Its Never Too Late Essay, Research Paper
Could Faustus have saved his soul had he repented to God before facing his impending damnation? Coming from a Christian upraising and parochial schooling, I would have to think that Faustus could have saved himself. I was always under the assumption that sincere repentance could be given at any time in one s life for salvation. God is not an angry and merciless being. Being born with original sin, salvation may be gained no matter what the faults of any mortal. In fact, Christ taught of love and forgiveness to those who sinned, some of who ultimately repented; Christ even taught of compassion for those who didn t know any better. In Marlowe s story, God s willingness to accept Faustus s faults is seen voiced through the character of the Good Angel: Faustus repent, yet God will pity thee! (Scene 5, ll 186). (The word yet here means: still, even now) Even after Faustus had renounced God, conjured up evil spirits, and signed his soul away to the devil in a contract of his own blood, God was still willing to accept his penance, and, as the Good Angel put it, take pity on him.
At the hour of his time of death, though, had Faustus waited too long for God to accept his plea of forgiveness? Faustus obviously contemplates the idea of repenting and whether or not he wishes to, but in this instance, it seems more ego-centric; he wants to repent in order to have more time on earth. Let this hour be but/ A year, a month, a week, a natural day,/ That Faustus may repent and save his soul (Scene 13, ll 61-63). Yes, Faustus does want to save his soul, but even stronger than that is his desire to not leave the earth, his body, or his riches and placement in life. We also see later his willingness to repent to God, but his ultimate fear (the ego) is reflected in doing so.
The devil will come, and Faustus must be damned.
O, I ll leap up to my God! Who pulls me down?
See, see where Christ s blood stream in the firmament!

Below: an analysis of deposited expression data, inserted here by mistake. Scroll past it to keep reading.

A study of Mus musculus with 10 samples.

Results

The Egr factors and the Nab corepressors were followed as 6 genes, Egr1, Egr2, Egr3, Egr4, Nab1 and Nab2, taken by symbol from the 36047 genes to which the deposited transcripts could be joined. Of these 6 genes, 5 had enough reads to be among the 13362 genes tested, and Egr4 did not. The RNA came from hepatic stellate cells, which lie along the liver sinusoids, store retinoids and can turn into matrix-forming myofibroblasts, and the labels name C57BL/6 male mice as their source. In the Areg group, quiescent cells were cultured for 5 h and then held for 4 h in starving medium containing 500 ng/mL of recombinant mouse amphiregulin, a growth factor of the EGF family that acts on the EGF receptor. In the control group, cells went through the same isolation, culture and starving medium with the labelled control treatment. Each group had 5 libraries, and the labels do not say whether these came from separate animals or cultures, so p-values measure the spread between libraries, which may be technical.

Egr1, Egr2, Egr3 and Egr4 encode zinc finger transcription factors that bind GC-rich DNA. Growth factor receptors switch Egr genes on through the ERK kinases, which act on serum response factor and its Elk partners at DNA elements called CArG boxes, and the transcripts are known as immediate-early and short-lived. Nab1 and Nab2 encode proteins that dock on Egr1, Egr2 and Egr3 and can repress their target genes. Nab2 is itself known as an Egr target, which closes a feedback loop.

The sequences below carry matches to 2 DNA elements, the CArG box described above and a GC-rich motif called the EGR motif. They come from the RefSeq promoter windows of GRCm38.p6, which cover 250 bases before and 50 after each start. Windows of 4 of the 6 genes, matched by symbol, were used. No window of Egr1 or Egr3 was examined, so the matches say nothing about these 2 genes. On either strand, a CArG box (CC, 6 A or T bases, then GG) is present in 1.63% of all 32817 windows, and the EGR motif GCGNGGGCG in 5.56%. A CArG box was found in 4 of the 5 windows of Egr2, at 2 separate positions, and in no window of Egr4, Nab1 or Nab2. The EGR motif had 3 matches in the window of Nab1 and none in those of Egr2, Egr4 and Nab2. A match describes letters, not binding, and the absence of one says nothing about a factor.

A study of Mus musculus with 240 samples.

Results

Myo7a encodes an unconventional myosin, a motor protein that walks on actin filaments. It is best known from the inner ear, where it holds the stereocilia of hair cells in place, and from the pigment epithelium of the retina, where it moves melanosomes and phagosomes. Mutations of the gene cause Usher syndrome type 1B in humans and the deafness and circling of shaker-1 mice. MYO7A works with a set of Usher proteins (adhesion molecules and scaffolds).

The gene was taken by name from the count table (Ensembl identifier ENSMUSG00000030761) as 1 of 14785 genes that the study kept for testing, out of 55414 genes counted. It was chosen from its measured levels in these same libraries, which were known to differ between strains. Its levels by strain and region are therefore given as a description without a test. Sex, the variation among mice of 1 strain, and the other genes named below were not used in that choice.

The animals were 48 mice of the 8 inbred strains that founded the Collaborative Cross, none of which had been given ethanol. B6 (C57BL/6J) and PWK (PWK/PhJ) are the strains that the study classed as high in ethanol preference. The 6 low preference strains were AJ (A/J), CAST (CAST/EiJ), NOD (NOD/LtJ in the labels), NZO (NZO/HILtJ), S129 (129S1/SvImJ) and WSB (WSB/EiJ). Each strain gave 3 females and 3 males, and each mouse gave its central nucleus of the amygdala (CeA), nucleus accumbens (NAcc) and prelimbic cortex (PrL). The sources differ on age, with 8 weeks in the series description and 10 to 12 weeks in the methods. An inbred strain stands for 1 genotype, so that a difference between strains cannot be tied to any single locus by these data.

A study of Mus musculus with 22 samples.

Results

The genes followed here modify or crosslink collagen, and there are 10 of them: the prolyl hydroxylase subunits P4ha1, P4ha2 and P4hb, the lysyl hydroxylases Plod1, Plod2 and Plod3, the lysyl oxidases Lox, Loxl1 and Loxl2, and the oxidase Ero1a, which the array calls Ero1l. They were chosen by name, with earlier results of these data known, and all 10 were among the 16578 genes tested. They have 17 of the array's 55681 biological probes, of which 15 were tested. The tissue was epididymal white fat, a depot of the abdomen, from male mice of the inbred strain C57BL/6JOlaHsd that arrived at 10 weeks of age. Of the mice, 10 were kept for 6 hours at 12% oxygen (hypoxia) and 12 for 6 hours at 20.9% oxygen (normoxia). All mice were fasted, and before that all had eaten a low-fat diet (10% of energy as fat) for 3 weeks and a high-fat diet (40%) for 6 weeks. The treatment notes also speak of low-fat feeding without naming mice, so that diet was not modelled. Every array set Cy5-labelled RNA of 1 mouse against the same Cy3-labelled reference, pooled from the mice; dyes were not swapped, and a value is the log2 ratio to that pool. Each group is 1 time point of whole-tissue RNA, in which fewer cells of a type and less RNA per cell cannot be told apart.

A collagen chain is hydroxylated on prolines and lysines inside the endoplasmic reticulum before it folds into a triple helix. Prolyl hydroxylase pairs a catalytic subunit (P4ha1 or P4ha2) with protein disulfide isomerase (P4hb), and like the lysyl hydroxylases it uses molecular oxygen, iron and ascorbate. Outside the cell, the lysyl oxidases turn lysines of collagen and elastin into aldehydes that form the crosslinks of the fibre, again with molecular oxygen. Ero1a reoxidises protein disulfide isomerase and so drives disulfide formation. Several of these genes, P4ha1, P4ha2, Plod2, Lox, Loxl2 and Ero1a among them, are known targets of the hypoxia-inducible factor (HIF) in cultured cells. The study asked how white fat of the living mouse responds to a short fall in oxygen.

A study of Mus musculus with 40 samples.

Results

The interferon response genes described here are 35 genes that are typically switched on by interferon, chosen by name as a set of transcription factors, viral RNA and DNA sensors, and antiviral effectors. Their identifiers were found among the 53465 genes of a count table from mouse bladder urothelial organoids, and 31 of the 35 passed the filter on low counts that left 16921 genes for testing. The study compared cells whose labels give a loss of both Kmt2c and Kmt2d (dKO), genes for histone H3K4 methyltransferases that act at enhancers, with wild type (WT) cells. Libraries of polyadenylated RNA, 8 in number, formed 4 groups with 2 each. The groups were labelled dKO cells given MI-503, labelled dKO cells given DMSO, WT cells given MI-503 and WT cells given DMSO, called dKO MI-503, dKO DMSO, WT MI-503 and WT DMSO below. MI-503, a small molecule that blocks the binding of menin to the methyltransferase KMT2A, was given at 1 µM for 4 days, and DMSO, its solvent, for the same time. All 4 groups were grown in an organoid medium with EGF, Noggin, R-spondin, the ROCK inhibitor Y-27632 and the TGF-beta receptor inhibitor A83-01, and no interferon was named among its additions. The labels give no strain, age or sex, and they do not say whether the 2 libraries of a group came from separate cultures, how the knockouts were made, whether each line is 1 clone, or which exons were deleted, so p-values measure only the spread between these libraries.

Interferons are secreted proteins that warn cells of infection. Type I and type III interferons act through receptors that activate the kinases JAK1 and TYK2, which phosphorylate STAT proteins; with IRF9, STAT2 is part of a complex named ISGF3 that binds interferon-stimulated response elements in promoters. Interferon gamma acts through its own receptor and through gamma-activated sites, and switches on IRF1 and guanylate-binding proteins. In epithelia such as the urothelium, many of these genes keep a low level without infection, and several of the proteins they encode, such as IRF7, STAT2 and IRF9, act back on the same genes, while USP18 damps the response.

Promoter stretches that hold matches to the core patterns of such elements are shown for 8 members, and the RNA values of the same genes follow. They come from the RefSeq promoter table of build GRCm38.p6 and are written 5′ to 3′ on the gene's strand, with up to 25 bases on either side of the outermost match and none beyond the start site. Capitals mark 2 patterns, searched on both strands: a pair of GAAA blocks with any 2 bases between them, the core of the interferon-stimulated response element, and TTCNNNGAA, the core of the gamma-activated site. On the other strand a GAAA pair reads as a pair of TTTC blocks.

One drop would save my soul, half a drop: ah my Christ
Ah, rend not my heart for naming of my Christ;
Yet will I call on him O spare me, Lucifer!
Where is it now? Tis gone: and see where God
Stretcheth out his arm, and bends his ireful brows!
Mountains and hills, come, come and fall on me,
And hide me from the heavy wrath of God. (Scene 13, ll66-75)
Here, Faustus does not believe that even if he does repent God will carry him into salvation. He is afraid of what God might say, or do if he were to ask for forgiveness. So in the end, Faustus decides to claim Lucifer as his God and not to repent to Christ.
Faustus was definitely wrong in his assessment of God as an unforgiving being. Marlowe shows earlier, before his death, that repentance would have indeed saved his soul. Faustus contemplates repenting and asks if it is too late, Good Angel: Never too late, if Faustus will repent. (Scene 5, ll 250). All Faustus had to do was repent and his death may come, but his soul would be saved. Never is it too late!
So to answer the question, Would Faustus had been saved had he repented at the hour of his damnation? Yes! Everyman s fate lie in his own hands as did Faustus s; repent and enjoy the eternal heavens or do nothing and endure the horrors of hell forever. It s a shame Faustus thought it a lost cause to repent at the moments before his death, because, after all, It s never too late.